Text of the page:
Some thoughts on Microsoft v. Linux
by benanzo - 5/26/07 8:34 PM
I don't think there is any doubt in the PC OEM industry that the slow transition from MS to Linux of Joe-user's desktop is inevitable. Very careful steps are being taken by Dell and others to make a deliberate and lasting presence in the minds of the computer-elite, those who recommend which product to get to the not-so-elite. It is apparent now that Free software is as capable (if not more-so) on the desktop than that which we've been paying boatloads of cash for over the last decade and a half. We've seen SCO effectively bankrupt because of their proprietary mindset and lack of adaptability in the face of Free and superior competition. This was achieved on a small scale. The SCO Group's demise was peanuts. Microsoft, the real Trophy Fish, knows this. They are not blind. They see big, powerful companies starting this transition. They see Intel open-sourcing their graphics drivers for no other reason than to gain favor in the Linux community. They see ATI making (albeit vague) promises to supply open-source drivers to Linux. They see page after page on every major OEM's website detailing how they are the right vender to get your OSS fix.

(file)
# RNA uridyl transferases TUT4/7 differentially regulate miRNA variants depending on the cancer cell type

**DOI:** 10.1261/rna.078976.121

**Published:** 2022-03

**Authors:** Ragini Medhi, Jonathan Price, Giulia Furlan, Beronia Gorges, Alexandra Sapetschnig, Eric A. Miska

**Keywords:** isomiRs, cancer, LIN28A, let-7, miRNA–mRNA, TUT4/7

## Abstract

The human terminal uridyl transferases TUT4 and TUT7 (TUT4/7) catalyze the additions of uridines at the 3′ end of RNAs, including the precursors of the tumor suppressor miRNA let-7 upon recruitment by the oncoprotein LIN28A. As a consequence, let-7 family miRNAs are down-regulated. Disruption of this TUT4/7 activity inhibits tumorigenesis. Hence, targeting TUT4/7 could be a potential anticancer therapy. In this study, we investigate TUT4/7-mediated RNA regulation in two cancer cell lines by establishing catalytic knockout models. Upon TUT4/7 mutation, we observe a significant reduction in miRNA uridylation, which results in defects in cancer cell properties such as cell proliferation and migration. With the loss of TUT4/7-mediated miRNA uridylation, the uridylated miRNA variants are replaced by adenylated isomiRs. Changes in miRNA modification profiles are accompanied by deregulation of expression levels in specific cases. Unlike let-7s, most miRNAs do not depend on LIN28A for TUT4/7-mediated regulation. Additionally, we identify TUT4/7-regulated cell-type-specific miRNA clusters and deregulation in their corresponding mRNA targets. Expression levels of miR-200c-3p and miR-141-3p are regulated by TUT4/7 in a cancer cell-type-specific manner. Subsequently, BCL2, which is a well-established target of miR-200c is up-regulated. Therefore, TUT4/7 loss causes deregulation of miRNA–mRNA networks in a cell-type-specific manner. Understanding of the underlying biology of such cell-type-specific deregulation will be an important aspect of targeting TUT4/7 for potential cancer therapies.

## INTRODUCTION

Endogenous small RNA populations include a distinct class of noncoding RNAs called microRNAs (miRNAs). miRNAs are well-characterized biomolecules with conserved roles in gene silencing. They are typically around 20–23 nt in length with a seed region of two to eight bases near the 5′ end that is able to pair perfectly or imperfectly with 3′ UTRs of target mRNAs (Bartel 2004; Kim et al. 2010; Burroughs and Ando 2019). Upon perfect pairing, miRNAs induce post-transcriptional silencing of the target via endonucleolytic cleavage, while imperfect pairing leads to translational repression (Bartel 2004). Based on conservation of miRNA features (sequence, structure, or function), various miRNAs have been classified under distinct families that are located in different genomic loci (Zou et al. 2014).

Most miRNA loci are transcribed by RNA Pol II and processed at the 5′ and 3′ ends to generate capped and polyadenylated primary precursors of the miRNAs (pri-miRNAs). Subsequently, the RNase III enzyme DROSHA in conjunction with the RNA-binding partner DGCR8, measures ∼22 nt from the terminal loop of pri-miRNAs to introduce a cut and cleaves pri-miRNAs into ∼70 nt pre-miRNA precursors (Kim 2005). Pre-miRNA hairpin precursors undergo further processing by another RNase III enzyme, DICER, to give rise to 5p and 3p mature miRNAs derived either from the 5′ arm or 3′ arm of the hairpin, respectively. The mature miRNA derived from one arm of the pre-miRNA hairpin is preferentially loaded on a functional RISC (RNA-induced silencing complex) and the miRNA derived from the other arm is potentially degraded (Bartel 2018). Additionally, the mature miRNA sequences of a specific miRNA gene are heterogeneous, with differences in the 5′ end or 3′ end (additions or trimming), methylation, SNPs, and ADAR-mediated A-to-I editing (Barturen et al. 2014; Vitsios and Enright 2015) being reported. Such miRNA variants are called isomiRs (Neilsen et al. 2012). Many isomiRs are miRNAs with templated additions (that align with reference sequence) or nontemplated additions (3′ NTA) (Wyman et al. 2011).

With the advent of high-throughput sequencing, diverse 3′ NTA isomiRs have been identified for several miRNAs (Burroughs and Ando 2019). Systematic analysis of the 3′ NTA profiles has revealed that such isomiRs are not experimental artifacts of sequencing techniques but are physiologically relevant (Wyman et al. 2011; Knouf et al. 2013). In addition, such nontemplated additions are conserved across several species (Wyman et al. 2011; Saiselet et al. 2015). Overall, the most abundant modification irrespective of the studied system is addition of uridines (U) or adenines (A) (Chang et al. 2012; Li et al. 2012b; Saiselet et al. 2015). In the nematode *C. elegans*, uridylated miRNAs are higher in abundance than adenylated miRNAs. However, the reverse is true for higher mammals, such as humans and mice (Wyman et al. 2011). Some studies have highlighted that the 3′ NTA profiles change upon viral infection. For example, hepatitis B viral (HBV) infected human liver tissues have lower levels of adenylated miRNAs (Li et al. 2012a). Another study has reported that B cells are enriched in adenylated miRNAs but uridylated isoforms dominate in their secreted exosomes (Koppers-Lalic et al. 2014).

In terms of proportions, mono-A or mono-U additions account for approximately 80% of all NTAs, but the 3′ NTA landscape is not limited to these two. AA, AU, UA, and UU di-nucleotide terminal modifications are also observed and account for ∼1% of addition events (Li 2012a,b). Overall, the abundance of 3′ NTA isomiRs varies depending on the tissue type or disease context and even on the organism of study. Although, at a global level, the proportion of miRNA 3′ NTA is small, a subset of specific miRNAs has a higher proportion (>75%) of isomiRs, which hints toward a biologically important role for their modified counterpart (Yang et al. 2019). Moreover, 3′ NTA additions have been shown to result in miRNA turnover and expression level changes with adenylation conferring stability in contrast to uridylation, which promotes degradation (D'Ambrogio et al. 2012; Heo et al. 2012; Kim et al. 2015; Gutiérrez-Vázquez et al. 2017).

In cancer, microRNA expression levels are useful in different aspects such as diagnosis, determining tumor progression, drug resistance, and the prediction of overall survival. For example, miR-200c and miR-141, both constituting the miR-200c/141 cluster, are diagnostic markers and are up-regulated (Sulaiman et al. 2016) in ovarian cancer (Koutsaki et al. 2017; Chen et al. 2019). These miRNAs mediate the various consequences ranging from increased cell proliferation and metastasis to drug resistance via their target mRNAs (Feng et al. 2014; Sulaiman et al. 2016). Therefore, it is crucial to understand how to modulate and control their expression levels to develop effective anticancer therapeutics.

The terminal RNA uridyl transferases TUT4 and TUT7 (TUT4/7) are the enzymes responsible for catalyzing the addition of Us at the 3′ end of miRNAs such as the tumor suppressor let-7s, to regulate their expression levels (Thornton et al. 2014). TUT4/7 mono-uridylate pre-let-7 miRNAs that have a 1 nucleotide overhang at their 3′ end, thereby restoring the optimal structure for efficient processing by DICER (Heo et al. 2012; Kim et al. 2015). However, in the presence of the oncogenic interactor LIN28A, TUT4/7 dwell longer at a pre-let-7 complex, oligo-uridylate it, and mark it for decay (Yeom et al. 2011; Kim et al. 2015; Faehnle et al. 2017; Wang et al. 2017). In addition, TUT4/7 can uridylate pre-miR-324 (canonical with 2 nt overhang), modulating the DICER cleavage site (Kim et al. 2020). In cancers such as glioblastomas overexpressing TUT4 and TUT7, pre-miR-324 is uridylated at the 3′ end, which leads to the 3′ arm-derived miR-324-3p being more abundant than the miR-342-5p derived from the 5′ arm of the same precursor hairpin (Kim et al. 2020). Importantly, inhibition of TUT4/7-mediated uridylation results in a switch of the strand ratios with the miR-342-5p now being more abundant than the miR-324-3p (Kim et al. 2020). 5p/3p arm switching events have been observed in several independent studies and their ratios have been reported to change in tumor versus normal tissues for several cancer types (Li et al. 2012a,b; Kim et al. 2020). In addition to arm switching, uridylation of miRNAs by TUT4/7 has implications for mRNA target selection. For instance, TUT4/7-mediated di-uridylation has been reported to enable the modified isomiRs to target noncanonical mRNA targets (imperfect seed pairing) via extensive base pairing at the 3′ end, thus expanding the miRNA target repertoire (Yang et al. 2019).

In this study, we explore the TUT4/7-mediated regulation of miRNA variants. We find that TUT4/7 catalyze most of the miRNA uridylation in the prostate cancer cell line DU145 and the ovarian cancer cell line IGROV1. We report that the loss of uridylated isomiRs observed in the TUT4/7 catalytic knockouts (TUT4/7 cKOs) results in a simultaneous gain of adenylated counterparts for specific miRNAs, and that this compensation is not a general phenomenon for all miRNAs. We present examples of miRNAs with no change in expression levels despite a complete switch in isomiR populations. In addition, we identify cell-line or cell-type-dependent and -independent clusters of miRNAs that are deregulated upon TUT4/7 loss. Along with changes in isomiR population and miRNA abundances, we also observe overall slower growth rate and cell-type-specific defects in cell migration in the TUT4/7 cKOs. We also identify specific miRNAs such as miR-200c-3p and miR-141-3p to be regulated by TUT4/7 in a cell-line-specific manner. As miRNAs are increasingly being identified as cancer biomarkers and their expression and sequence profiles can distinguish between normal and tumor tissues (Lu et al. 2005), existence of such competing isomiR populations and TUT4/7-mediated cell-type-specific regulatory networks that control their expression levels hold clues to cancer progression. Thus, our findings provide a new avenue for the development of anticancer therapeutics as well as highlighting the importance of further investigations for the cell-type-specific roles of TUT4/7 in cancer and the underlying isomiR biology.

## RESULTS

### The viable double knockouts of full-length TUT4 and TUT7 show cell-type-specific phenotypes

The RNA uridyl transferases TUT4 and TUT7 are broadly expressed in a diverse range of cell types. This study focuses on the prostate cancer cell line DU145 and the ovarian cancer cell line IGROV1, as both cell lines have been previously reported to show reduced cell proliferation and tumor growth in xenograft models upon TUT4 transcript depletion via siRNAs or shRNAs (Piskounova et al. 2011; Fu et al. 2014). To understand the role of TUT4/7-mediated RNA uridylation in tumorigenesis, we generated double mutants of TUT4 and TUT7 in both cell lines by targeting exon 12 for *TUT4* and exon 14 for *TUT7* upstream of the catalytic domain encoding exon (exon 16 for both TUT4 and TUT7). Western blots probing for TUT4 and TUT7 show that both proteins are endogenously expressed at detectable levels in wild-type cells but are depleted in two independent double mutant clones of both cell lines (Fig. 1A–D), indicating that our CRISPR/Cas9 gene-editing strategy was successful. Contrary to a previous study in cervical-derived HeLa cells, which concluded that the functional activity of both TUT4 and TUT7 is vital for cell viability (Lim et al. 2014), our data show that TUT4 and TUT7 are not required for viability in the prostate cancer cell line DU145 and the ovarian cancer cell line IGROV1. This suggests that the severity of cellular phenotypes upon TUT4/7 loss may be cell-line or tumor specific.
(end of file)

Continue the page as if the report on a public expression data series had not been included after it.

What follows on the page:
This is the short-list of companies pushing Linux.
MS knows that it is only a matter of time before their partners abandon them in favor of Free-er/better products.
They first tried to stifle Linux's uptake by supplying a $10 million cash infusion into SCO's case. After it became apparent that IBM was eating SCO alive in the courtroom, MS sulked off to concentrate on other means. Now we see MS claiming patent ownership of major OSS code and implying that a patent license is in order. This is the only way MS can see that they have a chance in the competition. This is the route SCO took. Sue. Well, we know how SCO did. It's not clear whether MS is as stupid as SCO, but it is clear that this shows in plain daylight that Microsoft is scared. They know GNU/Linux is destroying their monopoly. They know they cannot compete on a bit-by-bit level. They cannot make a better product. (With all the $billions and years they spent on IE7, is it any better than the free and open-source Firefox? no. That is just one example.)